Silicon Beach Continues Its Culver City Reach

Silicon Beach Continues Its Culver City Reach

There are several reasons why we will continue to see more technology based companies in Culver City; from proximity to Santa Monica, Venice and Downtown Los Angeles, says a source in this EXCLUSIVE commentary on the subject.

Los Angeles has a history of being home of creative thinkers. Locally based Paul Davidovac of Commercial Brokers International tells GlobeSt.com that as more technology companies pour into the area, it will mean more Initial Public Offerings rising and then branching off to create their individual success. In the exclusive commentary below, Davidovac says that as the tech takeover continues through Santa Monica and Venice; it has reached Culver City.

The views expressed below are Davidovac’s own.

There are several reasons why we will continue to see more technology based companies in Culver City; from proximity to Santa Monica, Venice and Downtown Los Angeles, to its growth potential and the city’s initiatives to make it more welcoming.

The extension of the Expo Line has already shown its impact on downtown Culver City.  It has made the transit from Downtown to Culver City then to Santa Monica, a daily possibility.  The tech hubs of Santa Monica and Venice can connect with Culver City and Downtown LA which is vital to Silicon Beach’s growth. It allows for these communities to easily communicate and commute to each other.  This type of collaborative approach to work is what allowed for growth in Northern California Silicon Valley.

A cohesive approach to transportation to work has impacted how office spaces are structured.  While creative office space with a feel that is more open and allows for collaborations, started within tech bubbles, now it’s desired by many other industries.

Culver City has several examples of creative office space.  Like C3 also known as Culver City Creative that has already begun construction.  As well as the revised proposed plan for The Entrada, which now includes a more green plan.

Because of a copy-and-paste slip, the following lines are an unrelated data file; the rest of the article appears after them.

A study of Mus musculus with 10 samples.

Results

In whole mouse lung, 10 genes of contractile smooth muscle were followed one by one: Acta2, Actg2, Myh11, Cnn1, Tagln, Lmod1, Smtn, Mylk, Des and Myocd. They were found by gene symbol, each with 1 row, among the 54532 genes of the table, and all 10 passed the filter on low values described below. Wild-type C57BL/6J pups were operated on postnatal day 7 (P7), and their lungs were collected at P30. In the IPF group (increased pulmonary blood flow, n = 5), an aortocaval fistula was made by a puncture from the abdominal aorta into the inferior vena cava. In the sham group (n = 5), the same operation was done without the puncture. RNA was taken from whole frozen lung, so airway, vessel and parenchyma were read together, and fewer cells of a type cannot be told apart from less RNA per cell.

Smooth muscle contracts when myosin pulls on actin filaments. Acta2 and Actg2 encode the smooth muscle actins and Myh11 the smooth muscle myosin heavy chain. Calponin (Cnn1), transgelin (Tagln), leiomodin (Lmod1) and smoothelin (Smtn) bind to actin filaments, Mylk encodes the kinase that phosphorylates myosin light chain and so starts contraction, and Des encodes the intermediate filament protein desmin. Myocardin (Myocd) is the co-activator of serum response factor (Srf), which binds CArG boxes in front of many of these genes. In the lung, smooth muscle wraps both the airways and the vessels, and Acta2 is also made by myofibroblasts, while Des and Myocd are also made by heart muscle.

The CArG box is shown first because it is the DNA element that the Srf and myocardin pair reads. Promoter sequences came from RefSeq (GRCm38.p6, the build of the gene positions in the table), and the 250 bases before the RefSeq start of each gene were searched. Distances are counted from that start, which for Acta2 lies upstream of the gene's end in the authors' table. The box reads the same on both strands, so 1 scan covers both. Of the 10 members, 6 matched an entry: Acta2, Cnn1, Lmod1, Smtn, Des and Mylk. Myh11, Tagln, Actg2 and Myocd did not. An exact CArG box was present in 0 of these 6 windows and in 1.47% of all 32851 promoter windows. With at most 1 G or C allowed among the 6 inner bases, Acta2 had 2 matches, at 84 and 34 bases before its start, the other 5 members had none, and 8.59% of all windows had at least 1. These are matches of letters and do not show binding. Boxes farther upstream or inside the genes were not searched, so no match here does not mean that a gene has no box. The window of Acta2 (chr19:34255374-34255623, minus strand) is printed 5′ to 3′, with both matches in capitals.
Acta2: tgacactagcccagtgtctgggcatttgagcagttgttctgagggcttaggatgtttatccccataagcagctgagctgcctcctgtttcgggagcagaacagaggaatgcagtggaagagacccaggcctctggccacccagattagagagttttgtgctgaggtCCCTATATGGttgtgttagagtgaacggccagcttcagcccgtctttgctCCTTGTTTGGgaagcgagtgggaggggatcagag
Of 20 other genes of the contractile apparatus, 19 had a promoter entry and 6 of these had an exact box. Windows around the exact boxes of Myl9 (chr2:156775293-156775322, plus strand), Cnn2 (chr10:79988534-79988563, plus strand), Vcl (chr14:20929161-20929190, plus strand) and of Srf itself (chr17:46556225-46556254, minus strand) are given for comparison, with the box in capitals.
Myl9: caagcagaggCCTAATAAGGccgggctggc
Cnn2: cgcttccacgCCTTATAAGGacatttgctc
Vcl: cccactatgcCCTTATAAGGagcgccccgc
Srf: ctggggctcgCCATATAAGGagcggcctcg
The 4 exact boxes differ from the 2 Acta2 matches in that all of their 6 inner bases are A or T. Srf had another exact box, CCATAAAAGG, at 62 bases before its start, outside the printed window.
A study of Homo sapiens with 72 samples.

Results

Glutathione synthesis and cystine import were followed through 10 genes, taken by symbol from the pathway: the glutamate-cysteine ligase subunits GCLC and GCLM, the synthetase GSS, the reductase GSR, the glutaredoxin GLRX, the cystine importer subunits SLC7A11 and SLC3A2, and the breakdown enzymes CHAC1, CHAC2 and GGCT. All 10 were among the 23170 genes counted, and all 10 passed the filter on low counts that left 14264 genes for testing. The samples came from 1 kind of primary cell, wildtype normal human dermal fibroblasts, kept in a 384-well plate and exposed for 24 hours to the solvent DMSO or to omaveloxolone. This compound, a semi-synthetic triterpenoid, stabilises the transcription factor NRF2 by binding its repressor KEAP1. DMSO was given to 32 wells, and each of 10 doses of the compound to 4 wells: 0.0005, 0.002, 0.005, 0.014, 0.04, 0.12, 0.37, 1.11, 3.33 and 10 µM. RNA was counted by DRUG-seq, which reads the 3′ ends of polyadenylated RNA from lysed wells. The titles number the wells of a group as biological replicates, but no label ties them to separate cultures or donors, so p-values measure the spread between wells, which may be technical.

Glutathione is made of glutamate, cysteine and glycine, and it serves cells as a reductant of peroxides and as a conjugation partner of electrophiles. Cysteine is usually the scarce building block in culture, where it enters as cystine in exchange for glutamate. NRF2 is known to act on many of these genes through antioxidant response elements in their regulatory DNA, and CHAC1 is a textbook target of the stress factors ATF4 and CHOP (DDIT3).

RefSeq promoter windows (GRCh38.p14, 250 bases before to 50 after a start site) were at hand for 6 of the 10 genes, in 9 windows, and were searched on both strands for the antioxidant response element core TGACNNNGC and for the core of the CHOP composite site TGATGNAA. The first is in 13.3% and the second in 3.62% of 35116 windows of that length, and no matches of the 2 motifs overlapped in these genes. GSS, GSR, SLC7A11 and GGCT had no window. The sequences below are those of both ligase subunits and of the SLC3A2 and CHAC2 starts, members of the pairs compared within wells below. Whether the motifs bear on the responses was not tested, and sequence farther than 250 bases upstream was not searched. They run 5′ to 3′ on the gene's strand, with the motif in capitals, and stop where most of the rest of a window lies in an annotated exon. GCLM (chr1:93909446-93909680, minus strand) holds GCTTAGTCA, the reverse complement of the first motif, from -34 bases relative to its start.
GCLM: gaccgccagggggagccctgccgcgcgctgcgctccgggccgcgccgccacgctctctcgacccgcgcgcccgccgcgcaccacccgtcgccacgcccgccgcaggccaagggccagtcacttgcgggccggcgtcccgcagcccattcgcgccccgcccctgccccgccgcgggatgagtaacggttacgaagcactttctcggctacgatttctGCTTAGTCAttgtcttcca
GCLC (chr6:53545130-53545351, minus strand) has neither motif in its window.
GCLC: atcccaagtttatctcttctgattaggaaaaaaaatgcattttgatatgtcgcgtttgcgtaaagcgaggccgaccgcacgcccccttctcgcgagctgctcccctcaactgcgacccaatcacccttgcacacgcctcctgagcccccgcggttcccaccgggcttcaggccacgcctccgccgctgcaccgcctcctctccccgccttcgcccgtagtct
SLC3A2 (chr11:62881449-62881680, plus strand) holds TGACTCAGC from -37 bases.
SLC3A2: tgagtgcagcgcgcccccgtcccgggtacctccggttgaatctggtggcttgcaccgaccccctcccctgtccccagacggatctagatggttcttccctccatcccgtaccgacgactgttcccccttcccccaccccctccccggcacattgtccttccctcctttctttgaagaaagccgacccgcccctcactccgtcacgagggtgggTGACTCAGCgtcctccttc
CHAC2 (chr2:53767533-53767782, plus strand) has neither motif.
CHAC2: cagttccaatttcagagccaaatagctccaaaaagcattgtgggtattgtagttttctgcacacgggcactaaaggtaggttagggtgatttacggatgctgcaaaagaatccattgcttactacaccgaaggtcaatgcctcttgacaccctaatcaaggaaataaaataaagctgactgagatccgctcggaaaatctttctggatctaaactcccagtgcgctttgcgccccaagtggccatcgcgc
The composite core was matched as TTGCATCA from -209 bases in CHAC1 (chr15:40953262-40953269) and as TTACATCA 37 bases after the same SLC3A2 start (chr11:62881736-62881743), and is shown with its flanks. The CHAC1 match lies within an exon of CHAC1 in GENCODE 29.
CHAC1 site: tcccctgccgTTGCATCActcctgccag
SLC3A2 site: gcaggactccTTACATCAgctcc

The Culver City submarket also allows greater opportunities for the startups or companies that want to get their square footage for a better price.  With office space leases being lower per square-foot than both Santa Monica and Venice, many startups begin with one or a few people. Culver City gives new companies the room to expand while still saving money on typically one of their biggest expenses, real estate.

The money saved from real estate, can then be contributed to hiring the greatest talent.  While Santa Monica and Venice does have the beach, Culver City has a vibrant and growing downtown.  More and more you see development that is structured around creating communities with space for retail, living and entertainment.  An anticipated example is the Ivy Station by Lowe Enterprises which broke ground in February, and is scheduled for completion in 2019. The Ivy Station will be 500,000 square feet of high quality office, with apartments, a hotel, stores and restaurants.  There is also continued anticipation with Hackman Capital Partners acquiring development rights to Parcel B, where there is hope to turn a parking lot to 110,000 square-footage of retail and office.

As developers continue to add to the landscape, the Culver City Council also presented its Strategic Plan with goals to restore Ballona Creek, reduce traffic congestion and add to the “reputation as a city of kindness”.  There is also proposed plans to add protected bike lanes to “get between these areas that are really close to each other, but not quite connected,” said Eric Bruines, Culver City Bicycle and Pedestrian Coordinator.  This will increase Culver City’s Walk Score.

We will continue to see more value-add opportunities in Culver City. As many established arts and entertainment firms already call the city home, more technology companies will add to that list.  There will be greater unperceived opportunities, marrying technology and creativity.